Residents from two homes for physically disabled adults crashed a political funding announcement to ask for better wheelchair access to their favourite park.

Park users want wheelchair access

Access to a Langley park is an issue for local residents.

The staff and residents of two homes for disabled adults turned a Langley political announcement Friday into a chance to protest the lack of wheelchair accessibility.

Langley MP Mark Warawa and acting mayor David Davis, Township Councillor Petrina Arnason, and several staffers arrived at Williams Park the afternoon of July 31.

They were met by the residents of Graceline Gates and Ruby Willows, two nearby private care homes.

Operated by mother and daughter Terry Loeffler and Tammy Guy, the homes are a very short distance from the park.

Their residents are frequently escorted to Williams Park to enjoy the fresh air and natural beauty.

However, when they heard that politicians were coming, Loeffler and Guy decided to try to get a little attention for making the park more accessible for their clients.

“We just would like them to make it more accessible for people with wheelchairs,” said Guy.

Getting down from the upper picnic levels to the lower slopes near the creek is difficult even on the paved path on the park’s west side, noted Guy.

Candina Vallieres, a resident who has difficulty speaking because of a stroke, pointed out that she can walk and can make the trip. But her fellow residents in wheelchairs can’t head down to see the creek. It’s difficult to push them back up the long slope.

In addition, the circular driveway around the upper part of the park mostly lacks sidewalks, is rutted and cracked in places, and is quite narrow.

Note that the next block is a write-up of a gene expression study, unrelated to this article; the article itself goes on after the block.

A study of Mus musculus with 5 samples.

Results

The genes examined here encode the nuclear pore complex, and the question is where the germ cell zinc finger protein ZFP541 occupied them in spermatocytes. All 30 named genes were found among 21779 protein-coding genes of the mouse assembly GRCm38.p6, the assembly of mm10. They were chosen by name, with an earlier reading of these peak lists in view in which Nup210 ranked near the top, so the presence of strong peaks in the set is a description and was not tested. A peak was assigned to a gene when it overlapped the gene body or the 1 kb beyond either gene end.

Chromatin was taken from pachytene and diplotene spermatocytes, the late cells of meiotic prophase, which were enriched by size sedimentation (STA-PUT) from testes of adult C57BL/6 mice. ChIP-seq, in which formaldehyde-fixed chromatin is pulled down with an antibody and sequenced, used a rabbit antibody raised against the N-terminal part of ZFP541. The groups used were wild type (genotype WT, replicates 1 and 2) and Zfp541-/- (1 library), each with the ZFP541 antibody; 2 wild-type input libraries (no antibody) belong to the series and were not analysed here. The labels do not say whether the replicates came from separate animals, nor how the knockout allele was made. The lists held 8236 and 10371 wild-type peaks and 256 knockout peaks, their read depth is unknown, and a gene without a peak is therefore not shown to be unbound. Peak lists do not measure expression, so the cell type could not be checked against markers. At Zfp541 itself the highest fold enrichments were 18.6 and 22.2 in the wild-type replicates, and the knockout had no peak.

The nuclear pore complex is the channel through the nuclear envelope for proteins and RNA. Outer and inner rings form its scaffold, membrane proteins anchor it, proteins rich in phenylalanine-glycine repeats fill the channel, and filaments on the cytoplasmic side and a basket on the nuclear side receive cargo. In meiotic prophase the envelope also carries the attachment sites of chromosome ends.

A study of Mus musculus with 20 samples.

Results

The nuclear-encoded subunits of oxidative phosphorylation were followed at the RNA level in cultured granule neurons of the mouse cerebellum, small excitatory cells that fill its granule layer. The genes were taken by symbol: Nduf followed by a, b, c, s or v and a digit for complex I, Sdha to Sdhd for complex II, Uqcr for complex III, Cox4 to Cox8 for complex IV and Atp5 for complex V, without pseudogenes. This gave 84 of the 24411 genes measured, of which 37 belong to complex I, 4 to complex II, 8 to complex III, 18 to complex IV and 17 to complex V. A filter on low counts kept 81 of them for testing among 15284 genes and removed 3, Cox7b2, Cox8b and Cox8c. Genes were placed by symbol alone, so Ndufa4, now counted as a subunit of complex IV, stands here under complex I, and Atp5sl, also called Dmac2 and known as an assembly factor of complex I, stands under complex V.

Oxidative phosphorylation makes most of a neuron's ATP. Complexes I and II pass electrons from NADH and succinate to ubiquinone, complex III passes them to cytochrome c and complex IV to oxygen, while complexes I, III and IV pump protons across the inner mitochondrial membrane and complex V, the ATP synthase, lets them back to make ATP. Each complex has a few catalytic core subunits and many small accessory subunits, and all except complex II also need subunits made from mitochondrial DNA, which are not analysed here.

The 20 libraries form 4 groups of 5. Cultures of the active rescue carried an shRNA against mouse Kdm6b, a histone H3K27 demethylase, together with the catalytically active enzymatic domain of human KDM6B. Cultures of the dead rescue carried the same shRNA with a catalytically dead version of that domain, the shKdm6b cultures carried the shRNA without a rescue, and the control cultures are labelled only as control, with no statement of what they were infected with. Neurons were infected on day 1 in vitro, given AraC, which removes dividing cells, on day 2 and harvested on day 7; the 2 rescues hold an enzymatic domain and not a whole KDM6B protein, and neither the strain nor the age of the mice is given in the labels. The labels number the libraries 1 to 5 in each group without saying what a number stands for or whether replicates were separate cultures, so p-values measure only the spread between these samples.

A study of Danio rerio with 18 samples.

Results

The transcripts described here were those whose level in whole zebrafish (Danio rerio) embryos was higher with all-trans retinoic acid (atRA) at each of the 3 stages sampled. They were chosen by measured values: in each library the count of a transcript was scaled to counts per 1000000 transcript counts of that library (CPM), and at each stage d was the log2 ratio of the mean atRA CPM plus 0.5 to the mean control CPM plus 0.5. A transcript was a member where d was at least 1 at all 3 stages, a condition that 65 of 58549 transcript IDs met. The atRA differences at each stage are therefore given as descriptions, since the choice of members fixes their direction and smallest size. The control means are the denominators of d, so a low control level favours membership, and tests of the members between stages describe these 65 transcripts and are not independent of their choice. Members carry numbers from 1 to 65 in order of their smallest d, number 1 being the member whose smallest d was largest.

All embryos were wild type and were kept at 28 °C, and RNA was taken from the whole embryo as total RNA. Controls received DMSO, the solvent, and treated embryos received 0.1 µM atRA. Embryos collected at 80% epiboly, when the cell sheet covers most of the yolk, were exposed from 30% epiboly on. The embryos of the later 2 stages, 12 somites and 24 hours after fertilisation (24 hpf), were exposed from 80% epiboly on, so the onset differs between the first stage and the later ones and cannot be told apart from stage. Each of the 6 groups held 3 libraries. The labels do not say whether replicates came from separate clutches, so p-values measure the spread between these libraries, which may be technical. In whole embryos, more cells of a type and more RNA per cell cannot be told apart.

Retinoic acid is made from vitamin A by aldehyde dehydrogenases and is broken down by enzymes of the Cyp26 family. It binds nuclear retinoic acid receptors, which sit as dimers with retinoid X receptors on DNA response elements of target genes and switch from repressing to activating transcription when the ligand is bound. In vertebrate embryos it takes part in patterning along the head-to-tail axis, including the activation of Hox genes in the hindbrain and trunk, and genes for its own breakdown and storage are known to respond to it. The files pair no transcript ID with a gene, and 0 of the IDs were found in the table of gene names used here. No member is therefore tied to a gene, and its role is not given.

When heading out along the north side, people in wheelchairs have to get off the road completely, into the dirt, if a car approaches from behind.

The washrooms are less than ideal as well.

The two care homes have been located on the street for four years, and the residents like visiting the park year round, including during the annual Christmas In Willliams Park events that see the trees lit up with thousands of lights.

The residents of the homes are relatively young adults, not seniors, and some of them are more mobile than others.

Williams Park was originally created as a Canadian centennial project in 1967.

Part of the announcement on Friday was about major renovations to the existing structures. A $250,000 grant from Western Economic Development Canada, matched by Langley Township, will be used to upgrade the picnic shelter and interpretive kiosk and add new playground equipment, and will relocate the well water filtration system.

Davis and Township staff spoke with the protesters and said they would look into their concerns for the park’s accessibility.